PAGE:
Unilever sells its perfumes business to Coty of the US


Unilever has sold some of the world's most glamorous perfume brands, including Cerruti, Calvin Klein and Chloe, to the US company behind the David and Victoria Beckham fragrances in a $800m (£440m) deal.

Unilever has sold some of the world's most glamorous perfume brands, including Cerruti, Calvin Klein and Chloe, to the US company behind the David and Victoria Beckham fragrances in a $800m (£440m) deal.

Unilever's perfumes business has been on the market for nearly three years. In 2000 Unilever sold its Elizabeth Arden cosmetics and fragrance business for a loss to FFI Fragrances of the US.

Yesterday the Anglo-Dutch consumer goods giant completed its withdrawal from the fragrances market by selling its Unilever Cosmetics International division to Coty, the New York-based cosmetics and perfumes business.

Coty is most famous for its celebrity-endorsed scents, which include the Jennifer Lopez-backed Glow by JLO and a perfume endorsed by the Sex and the City actress Sarah Jessica Parker.

Unilever will receive $800m in cash for the assets, with the opportunity for further payments dependent on sales of the brands. The company has been slimming down its brands portfolio in both foods and personal care and is focusing on a smaller number of core global brands.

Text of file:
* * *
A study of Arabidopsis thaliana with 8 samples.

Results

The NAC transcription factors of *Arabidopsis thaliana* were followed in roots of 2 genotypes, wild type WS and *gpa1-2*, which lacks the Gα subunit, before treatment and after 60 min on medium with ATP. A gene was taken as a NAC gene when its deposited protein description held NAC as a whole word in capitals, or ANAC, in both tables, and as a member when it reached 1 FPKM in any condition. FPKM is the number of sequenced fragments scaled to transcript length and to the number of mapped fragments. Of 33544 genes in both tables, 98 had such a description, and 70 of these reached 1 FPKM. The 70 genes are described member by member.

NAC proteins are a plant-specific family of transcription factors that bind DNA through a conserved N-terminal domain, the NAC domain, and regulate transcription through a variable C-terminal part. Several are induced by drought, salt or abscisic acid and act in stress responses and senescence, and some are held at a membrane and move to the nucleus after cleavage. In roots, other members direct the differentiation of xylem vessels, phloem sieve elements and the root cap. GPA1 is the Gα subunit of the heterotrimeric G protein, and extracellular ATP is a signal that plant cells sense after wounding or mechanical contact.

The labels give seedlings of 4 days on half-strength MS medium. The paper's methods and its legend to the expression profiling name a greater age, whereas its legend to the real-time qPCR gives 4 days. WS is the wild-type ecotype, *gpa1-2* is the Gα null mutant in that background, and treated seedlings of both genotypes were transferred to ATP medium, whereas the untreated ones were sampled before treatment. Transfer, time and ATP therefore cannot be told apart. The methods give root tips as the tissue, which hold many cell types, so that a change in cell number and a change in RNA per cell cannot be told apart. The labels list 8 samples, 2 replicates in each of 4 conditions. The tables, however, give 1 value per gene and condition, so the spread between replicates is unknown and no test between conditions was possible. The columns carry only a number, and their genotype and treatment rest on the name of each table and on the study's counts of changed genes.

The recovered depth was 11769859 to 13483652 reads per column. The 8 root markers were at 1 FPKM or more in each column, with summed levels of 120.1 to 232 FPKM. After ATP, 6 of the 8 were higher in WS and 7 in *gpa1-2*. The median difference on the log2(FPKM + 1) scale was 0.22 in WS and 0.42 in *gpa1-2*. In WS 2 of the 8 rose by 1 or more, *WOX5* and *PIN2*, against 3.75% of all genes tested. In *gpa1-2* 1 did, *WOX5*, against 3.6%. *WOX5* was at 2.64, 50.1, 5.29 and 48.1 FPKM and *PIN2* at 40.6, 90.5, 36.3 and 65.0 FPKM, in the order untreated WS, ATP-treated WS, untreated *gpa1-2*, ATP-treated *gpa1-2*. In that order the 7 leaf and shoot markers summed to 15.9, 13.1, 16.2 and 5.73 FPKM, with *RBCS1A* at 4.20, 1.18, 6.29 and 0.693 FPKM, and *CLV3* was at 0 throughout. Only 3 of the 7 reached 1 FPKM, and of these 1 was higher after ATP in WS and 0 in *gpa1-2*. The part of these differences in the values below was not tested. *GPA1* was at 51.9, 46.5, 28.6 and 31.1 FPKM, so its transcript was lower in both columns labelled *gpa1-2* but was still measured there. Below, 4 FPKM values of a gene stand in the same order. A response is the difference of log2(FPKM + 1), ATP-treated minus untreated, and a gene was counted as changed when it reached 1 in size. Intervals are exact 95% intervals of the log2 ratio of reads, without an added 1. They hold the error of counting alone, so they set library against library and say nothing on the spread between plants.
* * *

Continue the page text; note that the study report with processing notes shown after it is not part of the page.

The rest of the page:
The perfumes it is selling had combined sales of $600m and will now become part of Coty's prestige division, Lancaster Group Worldwide. Coty has sales of $2bn, most of which come though its mass market division Coty Beauty, that signed up the Beckhams this year.

Run by the chief executive Bernd Beetz, Coty has embarked on an ambitious growth strategy since 2001. "Over the last several years, Coty's success with fashion, celebrity and lifestyle fragrances has enabled us to grow when most of our industry has been flat or shrinking. We are now entering a new phase in which we will greatly expand our presence in the market for prestige and ultra-prestige brands on a global basis."

The business being sold by Unilever includes the perfume licenses for the fashion brands, which include Vera Wang and Lagerfeld, and the manufacturing and distribution centre in New Jersey. It also includes a European distribution centre in Lille, France.

The Unilever division employs 1,300 people, of which just 25 work in the UK. The workforce will transfer to Coty.

Patrick Cescau, the chief executive of Unilever, said: "This is an excellent strategic move for Unilever and one that is fully in line with our strategy to focus on our core categories."

After putting the perfumes on the market in August 2002, Unilever struggled to sell them because of the impact on the market for luxury goods and perfumes of the 11 September 2001 terrorist attacks.

Unilever will now focus on trying to restore sustainable sales growth after expansion stalled last year. Under Niall FitzGerald, Mr Cescau's predecessor, Unilever embarked on the Path to Growth strategy which radically restructured the business to make it a more efficient organisation.